Now calling himself “Tye,” Titus joined Dunmore’s Ethiopian Regiment. The Regiment was in existence from 1775 to 1776, with as many as 300 escaped slaves to its number. On November 15, 1775, they fought at the Battle of Kemp’s Landing, and at the Battle of Great Bridge, both in Virginia. Ethiopian Regiment regimental uniforms had sashes inscribed with the words, “Liberty to Slaves” (see picture above).
In 1776, Dunmore disbands the Ethiopian Regiment. It is not known where or how Tye spent the next two years.
On June 28, 1778, Tye takes part in the Battle of Monmouth, and fights with great courage for the Loyalists. Tye captured Captain Elisha Shepard of the Monmouth militia and brought him to his imprisonment at a sugar house prison in British-occupied New York City.
Tye’s leadership and bravery lead to him receiving the honorary title of Colonel. The British army did not allow Loyalists or blacks to be royal officers, but a tradition of referring to black military leaders by military rank was a tradition that had begun in other British colonies, e.g., in the Caribbean.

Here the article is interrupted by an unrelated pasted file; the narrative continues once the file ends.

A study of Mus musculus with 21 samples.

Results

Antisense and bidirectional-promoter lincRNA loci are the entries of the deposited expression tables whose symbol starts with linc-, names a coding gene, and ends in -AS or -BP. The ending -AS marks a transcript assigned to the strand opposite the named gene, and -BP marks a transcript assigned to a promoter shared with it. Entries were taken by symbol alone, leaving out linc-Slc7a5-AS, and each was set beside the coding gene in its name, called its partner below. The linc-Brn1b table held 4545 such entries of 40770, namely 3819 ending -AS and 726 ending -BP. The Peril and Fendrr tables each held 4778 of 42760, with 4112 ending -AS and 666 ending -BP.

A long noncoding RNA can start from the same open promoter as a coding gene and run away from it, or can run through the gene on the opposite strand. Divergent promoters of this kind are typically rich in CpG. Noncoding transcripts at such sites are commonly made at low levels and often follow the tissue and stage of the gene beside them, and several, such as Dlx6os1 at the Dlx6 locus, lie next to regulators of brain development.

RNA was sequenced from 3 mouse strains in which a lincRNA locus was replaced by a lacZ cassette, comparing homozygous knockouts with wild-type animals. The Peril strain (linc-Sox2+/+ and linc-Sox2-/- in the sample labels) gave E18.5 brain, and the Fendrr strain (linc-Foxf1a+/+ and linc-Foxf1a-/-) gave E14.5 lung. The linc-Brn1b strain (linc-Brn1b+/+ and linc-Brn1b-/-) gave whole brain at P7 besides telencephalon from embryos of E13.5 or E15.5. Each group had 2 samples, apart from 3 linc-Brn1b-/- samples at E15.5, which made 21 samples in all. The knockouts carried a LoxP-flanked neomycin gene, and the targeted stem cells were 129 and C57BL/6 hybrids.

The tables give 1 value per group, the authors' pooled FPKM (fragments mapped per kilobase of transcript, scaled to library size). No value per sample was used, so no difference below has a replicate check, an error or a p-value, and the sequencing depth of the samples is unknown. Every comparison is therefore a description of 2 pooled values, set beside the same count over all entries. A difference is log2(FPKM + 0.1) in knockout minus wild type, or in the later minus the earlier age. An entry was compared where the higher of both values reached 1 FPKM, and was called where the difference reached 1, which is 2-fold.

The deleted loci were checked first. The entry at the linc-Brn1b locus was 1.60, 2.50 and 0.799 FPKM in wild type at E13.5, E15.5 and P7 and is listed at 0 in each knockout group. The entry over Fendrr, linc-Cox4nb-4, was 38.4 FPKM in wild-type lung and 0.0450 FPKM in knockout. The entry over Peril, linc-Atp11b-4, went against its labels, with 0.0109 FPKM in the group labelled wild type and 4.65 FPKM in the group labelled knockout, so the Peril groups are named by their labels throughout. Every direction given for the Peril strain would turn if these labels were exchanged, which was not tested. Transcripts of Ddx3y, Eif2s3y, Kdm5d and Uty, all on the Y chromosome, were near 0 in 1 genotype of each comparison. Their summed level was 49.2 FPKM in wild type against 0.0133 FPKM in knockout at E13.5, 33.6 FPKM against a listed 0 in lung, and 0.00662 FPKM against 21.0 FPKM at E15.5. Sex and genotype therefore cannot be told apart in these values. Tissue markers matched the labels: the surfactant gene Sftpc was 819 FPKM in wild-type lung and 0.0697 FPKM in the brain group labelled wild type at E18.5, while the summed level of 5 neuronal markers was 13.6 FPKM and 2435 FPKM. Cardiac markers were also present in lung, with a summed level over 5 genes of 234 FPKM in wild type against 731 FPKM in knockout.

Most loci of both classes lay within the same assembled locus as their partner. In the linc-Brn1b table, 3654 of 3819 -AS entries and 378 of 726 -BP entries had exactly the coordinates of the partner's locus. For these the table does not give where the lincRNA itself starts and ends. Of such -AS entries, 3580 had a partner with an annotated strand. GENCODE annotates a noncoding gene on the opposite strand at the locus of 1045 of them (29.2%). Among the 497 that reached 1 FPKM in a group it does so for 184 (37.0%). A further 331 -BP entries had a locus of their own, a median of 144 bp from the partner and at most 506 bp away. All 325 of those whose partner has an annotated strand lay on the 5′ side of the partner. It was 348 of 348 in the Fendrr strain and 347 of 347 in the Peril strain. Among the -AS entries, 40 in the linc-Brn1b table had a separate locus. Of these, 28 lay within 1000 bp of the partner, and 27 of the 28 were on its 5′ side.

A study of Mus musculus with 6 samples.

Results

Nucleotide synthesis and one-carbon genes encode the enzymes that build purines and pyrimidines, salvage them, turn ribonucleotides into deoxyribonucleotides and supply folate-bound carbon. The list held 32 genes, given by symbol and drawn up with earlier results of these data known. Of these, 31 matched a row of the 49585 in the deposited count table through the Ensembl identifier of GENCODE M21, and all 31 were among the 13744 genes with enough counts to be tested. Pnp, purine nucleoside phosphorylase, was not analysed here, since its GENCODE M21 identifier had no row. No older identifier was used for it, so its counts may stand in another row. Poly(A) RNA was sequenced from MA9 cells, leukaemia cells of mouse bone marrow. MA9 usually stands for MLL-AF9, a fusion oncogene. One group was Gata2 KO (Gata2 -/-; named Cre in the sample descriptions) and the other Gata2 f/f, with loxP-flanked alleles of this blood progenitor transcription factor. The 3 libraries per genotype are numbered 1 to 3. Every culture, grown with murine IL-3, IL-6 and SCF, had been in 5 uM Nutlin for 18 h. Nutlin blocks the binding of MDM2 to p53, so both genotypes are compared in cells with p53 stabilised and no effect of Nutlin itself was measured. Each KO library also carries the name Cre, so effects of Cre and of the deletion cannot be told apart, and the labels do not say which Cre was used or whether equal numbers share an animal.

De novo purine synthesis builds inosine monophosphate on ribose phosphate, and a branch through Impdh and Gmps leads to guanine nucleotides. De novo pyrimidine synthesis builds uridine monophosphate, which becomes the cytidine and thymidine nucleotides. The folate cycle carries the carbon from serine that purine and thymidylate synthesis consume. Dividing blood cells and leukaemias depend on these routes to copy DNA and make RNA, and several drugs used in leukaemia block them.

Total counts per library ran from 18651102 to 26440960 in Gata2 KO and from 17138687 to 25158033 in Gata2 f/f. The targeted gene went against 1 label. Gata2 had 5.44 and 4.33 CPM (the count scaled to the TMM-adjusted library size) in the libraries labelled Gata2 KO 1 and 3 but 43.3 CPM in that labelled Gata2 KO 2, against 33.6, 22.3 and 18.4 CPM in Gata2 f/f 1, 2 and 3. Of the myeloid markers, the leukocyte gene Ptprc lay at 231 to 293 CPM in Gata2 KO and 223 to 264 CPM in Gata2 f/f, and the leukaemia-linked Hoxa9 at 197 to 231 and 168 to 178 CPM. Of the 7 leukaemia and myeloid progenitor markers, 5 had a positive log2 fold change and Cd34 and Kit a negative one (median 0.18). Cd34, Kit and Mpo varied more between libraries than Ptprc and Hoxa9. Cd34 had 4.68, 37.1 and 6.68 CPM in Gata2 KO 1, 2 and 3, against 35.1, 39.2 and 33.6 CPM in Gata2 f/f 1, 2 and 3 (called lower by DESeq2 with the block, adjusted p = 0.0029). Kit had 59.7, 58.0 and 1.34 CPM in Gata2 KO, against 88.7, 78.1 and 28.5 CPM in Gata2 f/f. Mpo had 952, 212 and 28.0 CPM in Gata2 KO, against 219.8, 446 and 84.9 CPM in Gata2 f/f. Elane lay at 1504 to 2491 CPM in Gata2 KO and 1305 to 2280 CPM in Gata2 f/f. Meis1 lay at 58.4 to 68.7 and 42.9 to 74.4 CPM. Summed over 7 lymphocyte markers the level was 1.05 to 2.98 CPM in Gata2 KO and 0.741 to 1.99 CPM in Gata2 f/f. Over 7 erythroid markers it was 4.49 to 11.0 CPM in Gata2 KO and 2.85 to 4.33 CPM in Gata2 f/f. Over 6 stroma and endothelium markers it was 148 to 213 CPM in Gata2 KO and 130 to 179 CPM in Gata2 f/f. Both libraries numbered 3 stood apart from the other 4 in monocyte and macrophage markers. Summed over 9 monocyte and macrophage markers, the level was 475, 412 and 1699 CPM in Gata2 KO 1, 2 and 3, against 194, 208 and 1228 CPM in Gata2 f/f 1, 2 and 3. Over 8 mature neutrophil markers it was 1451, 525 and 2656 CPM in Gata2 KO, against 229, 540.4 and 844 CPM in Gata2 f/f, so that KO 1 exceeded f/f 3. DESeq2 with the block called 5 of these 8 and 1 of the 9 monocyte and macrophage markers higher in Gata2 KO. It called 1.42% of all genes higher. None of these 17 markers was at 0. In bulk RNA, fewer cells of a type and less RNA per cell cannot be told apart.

Allen, Thomas B. (2010). Tories: Fighting for the King in America’s First Civil War. HarperCollins, New York, N.Y. P. 316-320.
Hodges, Russell Graham (1997). Slavery and Freedom in the Rural North: African Americans in Monmouth County, New Jersey, 1665-1865. A Madison House Book, Rowman & Littlefield, Lanham, Md., P. 91-107.
Adelberg, Michael S. (2010). The American Revolution in Monmouth County. The History Press, Charleston, S.C., P. 75-97.